IN German, Vienna is Wien, and wine is Wein. Coincidence? Perhaps not. More important, Wein/wine sounds like whine, which surely is the Viennese’s favorite pastime hence the large amounts of alcohol consumed in the whole region. There’s even a wine unique to Vienna, the Wiener Gemischter Satz. Indeed, the city has a vibrant tradition of making and drinking wine. (Though there’s a lot to be said about Viennese beer too.)
Parisians may boast their small, secret, last remaining active vineyard, Clos Montmartre, located literally in the middle of the city. Brooklyn may have its rooftop vineyards and boutique urban wineries. But… Vienna tops them all.
With 1,600 acres (612 hectares) in the outskirts of the city devoted to wine-making, Vienna is home to the highest number of urban vineyards in the world. That’s a real metropolitan wine-making industry. Not only do the vineyards play a sizable role in the local economy, but they also serve as part of the important green belt around the city.
Wine grows on the city’s hills bordering the Vienna Woods. The most famous of all such wine mountains is the Nussberg (“nut-mountain”), with the Beethoven house at its feet. From these vineyards, one has a breathtaking view over the city and the Danube river.
The Nussberg, in particular, has an ideal microclimate for wine. The winds from the Pannonian plain, coming over from Hungary, protect the vineyards from overheating in summer. The vineyards are perfectly exposed to the south, on the sloping hill and its calcareous shell lime stone soil. This offers perfect conditions for growing grapes like Riesling, Chardonnay, Grüner Veltliner, Muskateller, Zweigelt and Burgundy, among others.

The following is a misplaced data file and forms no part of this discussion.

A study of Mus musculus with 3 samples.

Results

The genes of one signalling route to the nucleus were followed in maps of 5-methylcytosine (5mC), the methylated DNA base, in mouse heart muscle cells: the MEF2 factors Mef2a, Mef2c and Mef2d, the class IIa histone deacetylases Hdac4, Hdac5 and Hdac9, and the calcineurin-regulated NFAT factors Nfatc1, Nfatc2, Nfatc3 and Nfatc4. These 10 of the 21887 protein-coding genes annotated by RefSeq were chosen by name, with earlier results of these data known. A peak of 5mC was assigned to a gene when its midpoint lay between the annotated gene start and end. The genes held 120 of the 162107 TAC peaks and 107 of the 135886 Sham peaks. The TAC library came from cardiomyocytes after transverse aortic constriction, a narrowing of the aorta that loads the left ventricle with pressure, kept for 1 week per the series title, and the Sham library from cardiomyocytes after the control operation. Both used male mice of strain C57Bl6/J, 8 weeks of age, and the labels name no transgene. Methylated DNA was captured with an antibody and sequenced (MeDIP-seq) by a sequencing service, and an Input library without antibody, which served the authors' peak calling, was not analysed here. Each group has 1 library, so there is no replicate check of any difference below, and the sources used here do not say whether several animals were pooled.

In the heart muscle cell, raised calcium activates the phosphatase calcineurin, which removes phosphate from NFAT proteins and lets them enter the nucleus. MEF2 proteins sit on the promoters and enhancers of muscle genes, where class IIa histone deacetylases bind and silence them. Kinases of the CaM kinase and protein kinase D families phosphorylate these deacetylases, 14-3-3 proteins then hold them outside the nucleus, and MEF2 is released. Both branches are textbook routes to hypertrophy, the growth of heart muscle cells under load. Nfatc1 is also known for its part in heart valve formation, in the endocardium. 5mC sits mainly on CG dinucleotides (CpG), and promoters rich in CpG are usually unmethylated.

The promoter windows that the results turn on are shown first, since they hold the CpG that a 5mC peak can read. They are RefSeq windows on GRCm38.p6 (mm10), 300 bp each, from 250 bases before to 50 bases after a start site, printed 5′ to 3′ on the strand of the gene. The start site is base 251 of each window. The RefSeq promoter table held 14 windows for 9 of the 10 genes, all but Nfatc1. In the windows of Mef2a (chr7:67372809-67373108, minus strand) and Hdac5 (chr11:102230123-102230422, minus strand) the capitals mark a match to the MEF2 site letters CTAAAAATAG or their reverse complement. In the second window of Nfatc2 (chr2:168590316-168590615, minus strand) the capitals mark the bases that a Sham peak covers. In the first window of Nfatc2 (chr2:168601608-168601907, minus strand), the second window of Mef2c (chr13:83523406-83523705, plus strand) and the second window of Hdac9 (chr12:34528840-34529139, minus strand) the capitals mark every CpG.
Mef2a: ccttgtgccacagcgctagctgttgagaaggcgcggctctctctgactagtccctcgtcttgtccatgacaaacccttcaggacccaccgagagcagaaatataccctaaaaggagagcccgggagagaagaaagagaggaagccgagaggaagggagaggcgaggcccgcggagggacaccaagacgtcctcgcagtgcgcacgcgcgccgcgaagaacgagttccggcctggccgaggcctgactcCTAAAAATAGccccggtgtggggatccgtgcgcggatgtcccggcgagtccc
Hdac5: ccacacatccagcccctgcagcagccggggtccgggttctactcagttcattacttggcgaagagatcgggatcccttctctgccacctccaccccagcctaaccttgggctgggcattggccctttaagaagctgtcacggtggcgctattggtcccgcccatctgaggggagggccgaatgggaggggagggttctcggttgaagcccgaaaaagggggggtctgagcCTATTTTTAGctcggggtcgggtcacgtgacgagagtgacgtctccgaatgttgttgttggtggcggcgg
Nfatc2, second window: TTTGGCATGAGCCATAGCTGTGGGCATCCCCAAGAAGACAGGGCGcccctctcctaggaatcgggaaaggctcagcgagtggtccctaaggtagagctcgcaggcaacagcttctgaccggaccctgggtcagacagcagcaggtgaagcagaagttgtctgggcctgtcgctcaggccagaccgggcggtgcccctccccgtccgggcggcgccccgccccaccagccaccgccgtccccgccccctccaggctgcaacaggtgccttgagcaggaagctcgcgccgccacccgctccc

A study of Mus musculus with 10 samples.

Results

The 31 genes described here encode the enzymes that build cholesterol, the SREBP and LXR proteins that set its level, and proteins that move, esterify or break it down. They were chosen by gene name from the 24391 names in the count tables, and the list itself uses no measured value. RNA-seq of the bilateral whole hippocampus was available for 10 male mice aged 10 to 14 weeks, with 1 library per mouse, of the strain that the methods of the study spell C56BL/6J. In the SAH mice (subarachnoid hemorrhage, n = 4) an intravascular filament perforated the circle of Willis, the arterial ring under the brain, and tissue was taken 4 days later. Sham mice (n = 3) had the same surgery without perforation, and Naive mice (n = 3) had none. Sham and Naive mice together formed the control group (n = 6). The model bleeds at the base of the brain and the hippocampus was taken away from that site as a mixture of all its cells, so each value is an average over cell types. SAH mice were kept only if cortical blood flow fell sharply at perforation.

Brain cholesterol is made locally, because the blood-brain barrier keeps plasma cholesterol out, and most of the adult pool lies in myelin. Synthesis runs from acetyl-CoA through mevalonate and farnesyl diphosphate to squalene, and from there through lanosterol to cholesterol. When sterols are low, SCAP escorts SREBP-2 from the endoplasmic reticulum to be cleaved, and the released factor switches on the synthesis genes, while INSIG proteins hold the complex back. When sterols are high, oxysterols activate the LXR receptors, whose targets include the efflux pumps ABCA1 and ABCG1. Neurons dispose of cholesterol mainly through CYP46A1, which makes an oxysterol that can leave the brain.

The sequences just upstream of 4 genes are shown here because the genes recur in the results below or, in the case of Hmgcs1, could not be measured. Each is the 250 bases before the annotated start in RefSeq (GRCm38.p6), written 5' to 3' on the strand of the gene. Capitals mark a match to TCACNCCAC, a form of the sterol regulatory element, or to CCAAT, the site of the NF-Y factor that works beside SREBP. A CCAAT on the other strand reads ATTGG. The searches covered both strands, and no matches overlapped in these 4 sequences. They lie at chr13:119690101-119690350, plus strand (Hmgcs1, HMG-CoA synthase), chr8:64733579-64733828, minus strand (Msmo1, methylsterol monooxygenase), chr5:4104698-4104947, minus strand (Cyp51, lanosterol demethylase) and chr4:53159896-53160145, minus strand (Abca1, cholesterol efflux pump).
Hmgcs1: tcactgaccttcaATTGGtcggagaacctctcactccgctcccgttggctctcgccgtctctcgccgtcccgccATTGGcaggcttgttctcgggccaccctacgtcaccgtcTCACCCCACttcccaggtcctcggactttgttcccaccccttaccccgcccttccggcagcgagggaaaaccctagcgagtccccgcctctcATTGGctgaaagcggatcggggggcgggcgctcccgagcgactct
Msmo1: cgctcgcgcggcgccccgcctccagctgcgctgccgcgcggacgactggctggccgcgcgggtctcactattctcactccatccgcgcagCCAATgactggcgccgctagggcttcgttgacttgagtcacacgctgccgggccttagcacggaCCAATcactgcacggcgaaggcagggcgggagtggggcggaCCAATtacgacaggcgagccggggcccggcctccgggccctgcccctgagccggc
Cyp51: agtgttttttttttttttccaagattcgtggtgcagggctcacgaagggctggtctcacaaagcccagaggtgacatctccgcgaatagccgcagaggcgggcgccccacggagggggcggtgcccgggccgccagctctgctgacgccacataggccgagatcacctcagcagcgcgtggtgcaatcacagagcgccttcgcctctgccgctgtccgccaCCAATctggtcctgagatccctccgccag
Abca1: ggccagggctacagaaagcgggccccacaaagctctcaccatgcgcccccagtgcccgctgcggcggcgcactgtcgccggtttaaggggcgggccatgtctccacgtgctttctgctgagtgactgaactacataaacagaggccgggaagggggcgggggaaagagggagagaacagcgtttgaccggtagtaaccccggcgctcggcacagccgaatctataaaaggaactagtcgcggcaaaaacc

As if that isn’t enough, Vienna also has a tiny vineyard in the middle of the town. The city’s smallest vineyard is located right in the center, at Schwarzenbergplatz, in the front of the Palace Wiener von Welten. It produces Vienna’s “official,” “national”1 wine – an old, strictly Viennese slow food specialty – a dry white wine called Wiener Gemischter Satz. That translates to “Viennese field blend,” which is a popular blend of at least three different grapes, planted, harvested and vinified together in a single vineyard.
On the Nussberg, for example, the mixture found in the small Rotes Haus vineyard consists of Pinot Gris, Pinot Blanc, Neuburger and Traminer. This selection of wines is not mixed together only once in the cuvée (French for tank). No, the special thing about Gemischter Satz is that the vineyard itself is the cuvée, if you will. And all those grapes grow together right inside the city limits.
Wiener Gemischter Satz wine was the traditional Viennese daily wine, before Grüner Veltliner wine became more popular in the mid-1950s. In recent years, serious progress in quality has been made. Vienna’s Gemischter Satz wine now has a DAC classification (Districtus Austriae Controllatus, loosely based on the French Domaine d’Appellation Contrôlée and the German Prädikat system).
On the Nussberg, Wieninger winery makes a full-bodied Gemischter Satz wine. It’s even organic. It’s excellent for poaching quinces! Don’t worry, I didn’t use cloves and cinnamon, just the marvelous aromas of the wine. I would have loved to try a bottle from Vienna’s smallest vineyard, but with an output of only 50 bottles, there was none left for me.